More often than not, if something doesn’t click, or doesn’t add up, all you need is a bit of inspiration to get your brain cells rolling in the right direction. There is more to this concept than just a writer’s block or making that presentation out of the box for maximum impact. We need inspiration for the most basic tasks of our lives, travel for example.
And while there is no better way to get inspired than by actually travelling, there are times when you need inspiration to actually get out of your comfy chair and explore the unknown. This post outlines the best travel documentaries that are available on Netflix as we speak, that will inspire you to travel and unravel this vast and diverse world of ours.
Best Travel Documentaries On Netflix Right Now
- Under the Arctic Sky (2017)
This is more of an adventure junkie’s dream than a traveler’s paradise, and yet, Under the Arctic Sky is more than its decent share of visuals. Follow the six surfers as they wait for a gigantic Icelandic storm so that they can ride the waves.
Cast: Chris Burkard, Sam Hammer, Heidar Logi, Elli Thor Magnusson, Ingo Olsen, Timmy Reyes, Justin Quintal, Steve Hawk, Sigurdur Jonsson, and Mark Renneker.
- Chef’s table (2015-present)
Chef’s Table takes you on a joyride to the best culinary locations in the world, each episode focusing on one chef at a time along with the stories that go behind the flavor of what they prepare. Its hard to miss this docuseries if food is one of your primal instincts, and more often than not, that’s the case.
- Anthony Bourdain: Parts Unknown (2013-2018)
The title is self explanatory. It follows American resident Bourdain to a eye opening journey to unearth the culinary and political scenes of the countries and regions not touched by mainstream media, and then some. Bourdain does a background check of what is said about the country or region he is going to visit. The lesser said the better.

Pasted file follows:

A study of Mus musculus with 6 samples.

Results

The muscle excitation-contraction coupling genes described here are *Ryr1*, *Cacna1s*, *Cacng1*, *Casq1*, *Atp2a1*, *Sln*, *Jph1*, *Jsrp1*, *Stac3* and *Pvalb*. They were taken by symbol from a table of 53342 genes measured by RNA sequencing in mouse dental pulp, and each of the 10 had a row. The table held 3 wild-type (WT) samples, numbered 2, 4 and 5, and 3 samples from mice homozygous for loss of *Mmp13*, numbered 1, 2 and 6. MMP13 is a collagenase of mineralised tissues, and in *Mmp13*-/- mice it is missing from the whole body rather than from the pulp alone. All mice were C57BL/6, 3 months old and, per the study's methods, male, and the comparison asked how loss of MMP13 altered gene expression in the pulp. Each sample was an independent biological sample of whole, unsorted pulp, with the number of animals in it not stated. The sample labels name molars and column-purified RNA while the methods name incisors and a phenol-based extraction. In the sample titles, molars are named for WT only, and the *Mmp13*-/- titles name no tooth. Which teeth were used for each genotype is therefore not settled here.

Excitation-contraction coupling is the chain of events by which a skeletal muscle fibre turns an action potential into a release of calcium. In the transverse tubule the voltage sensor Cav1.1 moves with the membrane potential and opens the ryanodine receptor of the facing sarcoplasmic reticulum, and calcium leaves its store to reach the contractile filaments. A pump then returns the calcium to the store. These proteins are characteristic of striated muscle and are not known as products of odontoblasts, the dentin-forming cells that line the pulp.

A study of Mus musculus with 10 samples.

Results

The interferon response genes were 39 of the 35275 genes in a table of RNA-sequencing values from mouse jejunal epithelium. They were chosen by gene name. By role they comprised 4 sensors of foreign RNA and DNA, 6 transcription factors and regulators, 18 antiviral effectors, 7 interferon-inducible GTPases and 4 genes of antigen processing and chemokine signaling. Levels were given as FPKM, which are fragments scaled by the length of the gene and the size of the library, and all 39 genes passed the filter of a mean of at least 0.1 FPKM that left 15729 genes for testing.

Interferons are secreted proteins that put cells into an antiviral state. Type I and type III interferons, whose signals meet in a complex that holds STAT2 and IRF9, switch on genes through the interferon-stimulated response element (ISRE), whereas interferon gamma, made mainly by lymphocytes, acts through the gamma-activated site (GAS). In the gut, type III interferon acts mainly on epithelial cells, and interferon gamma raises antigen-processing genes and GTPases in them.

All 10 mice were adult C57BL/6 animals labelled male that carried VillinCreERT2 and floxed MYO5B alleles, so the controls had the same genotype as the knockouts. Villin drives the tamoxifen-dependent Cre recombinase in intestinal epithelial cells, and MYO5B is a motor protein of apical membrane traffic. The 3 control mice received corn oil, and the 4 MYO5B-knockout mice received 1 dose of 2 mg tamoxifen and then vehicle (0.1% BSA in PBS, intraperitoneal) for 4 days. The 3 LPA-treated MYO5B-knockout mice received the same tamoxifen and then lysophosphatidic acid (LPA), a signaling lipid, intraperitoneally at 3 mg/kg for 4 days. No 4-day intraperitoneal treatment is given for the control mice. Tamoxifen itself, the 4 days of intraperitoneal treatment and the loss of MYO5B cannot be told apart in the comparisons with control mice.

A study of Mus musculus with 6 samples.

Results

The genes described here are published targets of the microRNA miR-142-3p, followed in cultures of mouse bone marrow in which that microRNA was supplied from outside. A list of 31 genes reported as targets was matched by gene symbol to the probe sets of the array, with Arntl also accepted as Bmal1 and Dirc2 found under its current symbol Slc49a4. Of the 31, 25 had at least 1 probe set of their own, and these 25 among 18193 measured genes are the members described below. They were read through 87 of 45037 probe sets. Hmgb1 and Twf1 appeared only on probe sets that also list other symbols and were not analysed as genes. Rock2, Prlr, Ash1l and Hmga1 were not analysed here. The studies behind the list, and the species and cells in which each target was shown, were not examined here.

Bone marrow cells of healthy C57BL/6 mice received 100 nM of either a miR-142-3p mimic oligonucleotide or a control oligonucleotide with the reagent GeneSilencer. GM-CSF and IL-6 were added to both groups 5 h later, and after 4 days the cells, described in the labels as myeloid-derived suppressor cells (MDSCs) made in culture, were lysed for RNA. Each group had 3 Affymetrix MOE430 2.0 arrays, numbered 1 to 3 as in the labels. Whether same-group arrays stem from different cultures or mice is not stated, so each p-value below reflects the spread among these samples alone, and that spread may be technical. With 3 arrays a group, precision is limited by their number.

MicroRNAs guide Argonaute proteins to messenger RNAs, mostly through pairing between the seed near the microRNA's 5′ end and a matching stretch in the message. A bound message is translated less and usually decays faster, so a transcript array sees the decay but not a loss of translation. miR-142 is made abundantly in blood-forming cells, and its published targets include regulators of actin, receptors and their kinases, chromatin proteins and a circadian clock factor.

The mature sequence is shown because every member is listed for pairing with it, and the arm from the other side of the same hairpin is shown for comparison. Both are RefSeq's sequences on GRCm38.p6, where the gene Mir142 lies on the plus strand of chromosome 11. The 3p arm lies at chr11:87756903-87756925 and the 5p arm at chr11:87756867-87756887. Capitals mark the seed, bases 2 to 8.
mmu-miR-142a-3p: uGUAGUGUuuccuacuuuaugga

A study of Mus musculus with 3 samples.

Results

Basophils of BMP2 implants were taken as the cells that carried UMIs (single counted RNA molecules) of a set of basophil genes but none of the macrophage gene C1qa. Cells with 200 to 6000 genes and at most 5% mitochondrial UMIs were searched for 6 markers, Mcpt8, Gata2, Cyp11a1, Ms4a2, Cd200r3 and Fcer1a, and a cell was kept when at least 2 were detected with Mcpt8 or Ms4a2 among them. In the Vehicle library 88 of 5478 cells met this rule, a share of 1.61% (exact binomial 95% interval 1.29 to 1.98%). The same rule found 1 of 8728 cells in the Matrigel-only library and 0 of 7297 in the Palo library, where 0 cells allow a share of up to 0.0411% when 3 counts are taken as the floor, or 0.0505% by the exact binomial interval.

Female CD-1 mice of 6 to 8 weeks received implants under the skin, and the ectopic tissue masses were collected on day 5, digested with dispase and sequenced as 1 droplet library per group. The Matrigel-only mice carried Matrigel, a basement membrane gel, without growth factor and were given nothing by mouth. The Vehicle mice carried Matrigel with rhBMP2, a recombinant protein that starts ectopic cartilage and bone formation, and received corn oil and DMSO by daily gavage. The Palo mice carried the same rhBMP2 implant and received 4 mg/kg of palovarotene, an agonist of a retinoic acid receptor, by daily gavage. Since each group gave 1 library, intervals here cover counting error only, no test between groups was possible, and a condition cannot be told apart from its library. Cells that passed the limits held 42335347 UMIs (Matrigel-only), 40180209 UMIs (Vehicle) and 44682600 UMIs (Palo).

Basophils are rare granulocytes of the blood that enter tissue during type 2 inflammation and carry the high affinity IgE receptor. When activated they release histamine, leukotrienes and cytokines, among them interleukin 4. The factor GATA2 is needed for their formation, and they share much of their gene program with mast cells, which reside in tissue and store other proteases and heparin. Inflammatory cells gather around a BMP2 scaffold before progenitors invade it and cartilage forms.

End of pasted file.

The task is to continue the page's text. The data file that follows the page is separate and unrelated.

- The Mind of a Chef (2012-present)
Anthony Bourdain is at it again as he, along with David Chang goes after the world’s best cuisines and the not so well known ones to make you want to head out there and explore these flavours on your own. The star of the show is undoubtedly David Chang, and the 1st season is the one to look out for.
- A map for Saturday (2007)
Follow along the lives and adventures of solo backpackers as it documents the joys and sorrows of traveling the world with the absolute bare minimum while at the same time lending a hand to humanity from various walks and corners of life. What makes this film beautiful is the fact that it shows us all the facets of being a nomad, and not just the rosy stuff.
- Maidentrip (2013)
There’s no easy way of saying it so we’ll say it in plain words. This is a true story of a 14 year old girl named Laura Dekker who sails around the world at the tender age of 14. Yes she had to win a court case for doing so but that paints only a tiny picture of what this woman was all about. You have to see it to believe it. A totally incredulous endeavour worth every bit of its salt.
- 180° South (2010)
Another documentary of epic adventure proportions, it follows a certain Jeff Johnson as he tries to recreate the original adventure of The North Face clothing line founders Yvon Chouinard and Doug Tompkins back in 1968 when they reached Patagonia. Jeff on the other hand goes through a shipwreck, rides a really long tidal wave and wonders of wonders, also attempts to climb a mighty mountain. Cerro Corcovado to be exact. This is a film for anyone who has a thing for adventure and the great outdoors
- World’s busiest cities (2017)
Want to know how the world’s greatest cities work? More importantly, do you want a sneak peek at the machines, people and logistics working in the background to support the existence and flourishing of such great cities? This docuseries is the answer. It follows Dan Snow, Ade Adepitan and Anita Rani as they unravel how these massive support systems work, unbeknownst to the average 9-5 worker that forms the bulk of such ecosystems. Its a shame the series only managed 4 episodes, because they hardly do justice to what can be really covered.